Starting this week the Forest Park Review will require a Facebook login to comment on ForestParkReview.com.
What does that mean? Well, starting now you will have to use your Facebook account in order to post a live comment to our site. And, yes, you have figured it out, that means you will have to attach your name to any comment you post.
So if you want to be as rude and snarky, as uncivil or accusatory, as destructive of the civic fabric of our town as many of our commenters have devolved to, then you’ll have to be willing to do it with your own John Hancock appended.
This is not a step I have wanted to take. In fact, I have been the holdout here at the Review as others have urged this step. That’s because I am admittedly, proudly a believer that the local paper, whether it is delivered on newsprint or in pixels, has an elemental responsibility to provide a soap box for citizens to debate and argue, support and share opinions and ideas. We’ve done it for decades through our letters to the editor, and in recent years we have tried to transfer that forum to digital platforms.
But the free speech right to debate issues is not the same as a right to act like bloody fools attempting to diminish and eviscerate others. Ultimately, I cannot stomach what our comments have become and I cannot stand for the Review to be seen as fostering this venom. With a contested election just revving up in town, it seemed clear that the vitriol and personal attacks would only intensify.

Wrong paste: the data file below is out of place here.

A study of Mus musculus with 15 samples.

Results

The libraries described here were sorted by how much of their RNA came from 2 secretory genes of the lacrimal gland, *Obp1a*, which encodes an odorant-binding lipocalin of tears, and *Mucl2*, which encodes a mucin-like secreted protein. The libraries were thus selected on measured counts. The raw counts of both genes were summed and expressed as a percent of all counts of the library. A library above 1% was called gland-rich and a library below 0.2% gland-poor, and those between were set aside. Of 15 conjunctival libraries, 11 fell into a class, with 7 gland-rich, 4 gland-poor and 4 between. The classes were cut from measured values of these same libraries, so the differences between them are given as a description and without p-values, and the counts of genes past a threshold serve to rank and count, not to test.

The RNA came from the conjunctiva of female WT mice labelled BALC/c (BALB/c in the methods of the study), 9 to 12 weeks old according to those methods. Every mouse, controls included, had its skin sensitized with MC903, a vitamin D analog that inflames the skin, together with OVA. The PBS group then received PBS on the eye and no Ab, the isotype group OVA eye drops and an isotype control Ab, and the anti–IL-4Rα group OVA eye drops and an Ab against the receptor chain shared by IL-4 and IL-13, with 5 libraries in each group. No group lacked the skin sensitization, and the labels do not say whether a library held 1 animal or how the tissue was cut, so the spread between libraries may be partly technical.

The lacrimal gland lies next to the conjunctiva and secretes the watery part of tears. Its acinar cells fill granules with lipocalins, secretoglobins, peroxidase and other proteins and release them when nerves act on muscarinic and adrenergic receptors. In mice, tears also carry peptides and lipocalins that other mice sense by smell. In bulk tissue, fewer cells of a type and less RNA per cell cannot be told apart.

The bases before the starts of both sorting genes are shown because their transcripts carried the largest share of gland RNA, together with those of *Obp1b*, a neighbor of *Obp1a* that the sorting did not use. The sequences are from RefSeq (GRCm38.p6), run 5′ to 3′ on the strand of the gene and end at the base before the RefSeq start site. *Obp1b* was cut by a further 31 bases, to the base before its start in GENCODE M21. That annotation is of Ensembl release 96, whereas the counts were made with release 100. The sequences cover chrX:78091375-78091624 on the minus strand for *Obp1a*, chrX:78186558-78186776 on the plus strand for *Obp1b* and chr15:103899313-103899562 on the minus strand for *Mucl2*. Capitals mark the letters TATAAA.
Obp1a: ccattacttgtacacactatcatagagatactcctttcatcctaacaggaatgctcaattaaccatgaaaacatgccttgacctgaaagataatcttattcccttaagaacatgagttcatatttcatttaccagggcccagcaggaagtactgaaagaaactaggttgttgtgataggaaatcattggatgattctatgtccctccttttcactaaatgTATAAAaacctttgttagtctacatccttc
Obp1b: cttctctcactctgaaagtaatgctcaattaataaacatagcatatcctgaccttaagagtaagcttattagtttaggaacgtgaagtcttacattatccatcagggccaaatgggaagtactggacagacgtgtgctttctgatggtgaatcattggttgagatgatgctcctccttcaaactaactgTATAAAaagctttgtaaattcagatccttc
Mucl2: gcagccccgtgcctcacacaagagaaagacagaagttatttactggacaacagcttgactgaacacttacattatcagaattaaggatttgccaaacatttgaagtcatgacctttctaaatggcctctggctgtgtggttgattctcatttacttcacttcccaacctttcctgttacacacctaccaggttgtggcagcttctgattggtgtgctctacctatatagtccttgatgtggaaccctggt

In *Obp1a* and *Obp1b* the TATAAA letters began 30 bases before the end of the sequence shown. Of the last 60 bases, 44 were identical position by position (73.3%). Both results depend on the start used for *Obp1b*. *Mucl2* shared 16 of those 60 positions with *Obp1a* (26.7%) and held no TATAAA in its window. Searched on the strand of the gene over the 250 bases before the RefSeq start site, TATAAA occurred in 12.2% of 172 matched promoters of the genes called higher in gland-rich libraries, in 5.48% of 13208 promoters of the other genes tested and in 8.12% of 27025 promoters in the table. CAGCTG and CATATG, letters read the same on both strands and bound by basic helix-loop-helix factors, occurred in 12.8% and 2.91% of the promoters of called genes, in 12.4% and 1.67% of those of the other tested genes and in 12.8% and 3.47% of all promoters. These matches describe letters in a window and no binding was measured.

The challenge we face here is epidemic on journalism websites most everywhere. Try, I dare you, to read comments on The Washington Post or Politico. Inane is a best case scenario. Vicious, racist, ignorant, narcissistic, closed-minded are par for the course.
Here are two exceptions: The New York Times where a permanent staff of comment moderators and a registration system lead to a thoughtful, often intense debate of actual issues. And our own Riverside-Brookfield Landmark where our editor took us to Facebook verification more than a year ago.
What lessons have we learned from the Landmark? A handful of fairly certifiable people in Forest Park are about to have a lot of time on their hands, because they won’t post this muck with their names attached. So the number of comments is most likely going to drop precipitously. So be it.
But there will be some regular commenters who, freed from the trashy environs we have allowed to fester, will use Facebook Verified and will begin a healthy debate on a wide-open platform. Others will gradually join them.
Multiple times in recent years I have asked village leaders and, in these pages, I have asked our readers, “Why are the politics in this town so personal?”
There are a few good reasons and some blame to be assessed. But inescapably, a portion of the responsibility for the miserableness and the rancor in our public life ties back to these comment boards.
But no more.
Speak up. Take credit for your ideas, take the shots you’d be willing to take if you were in the next pew, on the next bar stool or in the next row at the public meeting.